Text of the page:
English for Specific Purposes (ESP)


1. Learner must already have basic knowldege of English (e.g. intermediate or adavnced learners.

2. Types of ESP according to Hutchinson and Waters (1987)

2.1. English for Science and Technology (EST)

2.1.1. English for Occupational Purposes (EOP) also known as English for Vocational Purposes (EVP) and Vocational English as a Second Language (VESL)

2.1.1.1. English for Technicians

2.1.1.2. English for Technical Manuals

2.1.2. English for Academic Purposes (EAP)

2.1.2.1. English for Medical Studies

2.1.2.2. English for Software Engineers

2.2. English for Business and Economics (EBE)

2.2.1. English for Occupational Purposes (EOP) also known as English for Vocational Purposes (EVP) and Vocational English as a Second Language (VESL)

2.2.1.1. English for Secretaries

2.2.1.2. English for Cashiers

2.2.2. English for Academic Purposes (EAP)

2.2.2.1. English for Economics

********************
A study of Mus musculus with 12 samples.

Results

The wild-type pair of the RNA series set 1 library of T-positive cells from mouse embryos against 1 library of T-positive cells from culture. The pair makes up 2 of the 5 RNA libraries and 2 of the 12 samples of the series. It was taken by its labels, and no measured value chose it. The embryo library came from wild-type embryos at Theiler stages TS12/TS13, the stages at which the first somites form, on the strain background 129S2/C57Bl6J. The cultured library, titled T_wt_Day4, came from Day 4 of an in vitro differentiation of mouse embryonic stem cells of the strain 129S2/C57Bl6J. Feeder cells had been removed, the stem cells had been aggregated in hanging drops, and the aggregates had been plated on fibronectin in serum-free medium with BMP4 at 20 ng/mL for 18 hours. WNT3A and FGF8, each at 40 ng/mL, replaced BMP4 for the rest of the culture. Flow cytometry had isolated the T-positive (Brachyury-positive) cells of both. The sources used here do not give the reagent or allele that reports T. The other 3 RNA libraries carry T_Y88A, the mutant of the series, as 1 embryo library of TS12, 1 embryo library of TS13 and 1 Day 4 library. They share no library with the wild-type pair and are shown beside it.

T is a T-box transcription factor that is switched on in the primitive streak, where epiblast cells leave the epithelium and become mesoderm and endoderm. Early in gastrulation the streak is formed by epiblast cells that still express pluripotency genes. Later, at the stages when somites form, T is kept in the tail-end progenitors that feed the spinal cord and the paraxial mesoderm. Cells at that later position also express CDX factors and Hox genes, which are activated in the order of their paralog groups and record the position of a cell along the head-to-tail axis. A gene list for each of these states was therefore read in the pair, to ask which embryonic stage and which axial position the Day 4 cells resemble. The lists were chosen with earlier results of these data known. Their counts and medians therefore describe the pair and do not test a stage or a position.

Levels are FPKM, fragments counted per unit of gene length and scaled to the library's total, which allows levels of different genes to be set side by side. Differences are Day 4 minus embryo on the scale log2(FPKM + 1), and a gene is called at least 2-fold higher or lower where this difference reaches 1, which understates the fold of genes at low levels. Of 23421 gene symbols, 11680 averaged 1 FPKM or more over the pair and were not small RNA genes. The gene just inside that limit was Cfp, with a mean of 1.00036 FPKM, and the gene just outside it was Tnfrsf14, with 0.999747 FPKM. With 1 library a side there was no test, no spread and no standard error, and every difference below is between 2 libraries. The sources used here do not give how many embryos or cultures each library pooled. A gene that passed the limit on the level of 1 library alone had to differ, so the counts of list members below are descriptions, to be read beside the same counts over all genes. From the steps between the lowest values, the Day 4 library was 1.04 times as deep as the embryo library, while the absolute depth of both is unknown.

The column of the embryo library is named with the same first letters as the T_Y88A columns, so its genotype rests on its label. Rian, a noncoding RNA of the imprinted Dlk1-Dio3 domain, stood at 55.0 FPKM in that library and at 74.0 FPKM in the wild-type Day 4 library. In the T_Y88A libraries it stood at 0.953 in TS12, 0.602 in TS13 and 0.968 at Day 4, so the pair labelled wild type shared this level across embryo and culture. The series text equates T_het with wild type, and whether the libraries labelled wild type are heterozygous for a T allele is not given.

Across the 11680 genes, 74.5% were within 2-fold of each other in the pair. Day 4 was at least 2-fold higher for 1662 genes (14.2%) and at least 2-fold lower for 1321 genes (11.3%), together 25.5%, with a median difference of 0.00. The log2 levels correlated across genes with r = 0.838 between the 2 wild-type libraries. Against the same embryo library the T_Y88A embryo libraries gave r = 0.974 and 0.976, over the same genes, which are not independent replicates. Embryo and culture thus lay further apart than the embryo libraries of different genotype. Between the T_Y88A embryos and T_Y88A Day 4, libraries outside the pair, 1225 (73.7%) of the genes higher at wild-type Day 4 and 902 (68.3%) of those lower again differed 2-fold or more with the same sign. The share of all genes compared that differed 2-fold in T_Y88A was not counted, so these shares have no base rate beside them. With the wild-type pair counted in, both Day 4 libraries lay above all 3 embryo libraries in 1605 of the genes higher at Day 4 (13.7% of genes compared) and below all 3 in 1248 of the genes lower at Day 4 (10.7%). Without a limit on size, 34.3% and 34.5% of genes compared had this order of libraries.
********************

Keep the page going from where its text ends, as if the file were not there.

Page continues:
2.2.2.2. English for Accountants

2.3. English for Social Sciences (ESS)

2.3.1. English for Occupational Purposes (EOP) also known as English for Vocational Purposes (EVP) and Vocational English as a Second Language (VESL)

2.3.1.1. English for Psychology

2.3.1.2. English for Political Science

2.3.2. English for Academic Purposes (EAP)

2.3.2.1. English for Teaching

2.3.2.2. English for Presentations

3. It's designed for specific disciplines or occupations

4. It's mainly for adult learners

5. It's not linked to any particular methodology

6. It may or may not be restricted to any particular language skill.

7. An ESP course may have a broad reach.

8. Teacher prepares syllabus to meet students' specific needs

9. ESP courses do not use general English books. Instead materials are specific to a certain specialization.

10. Materials must be authentic and content must be context-based.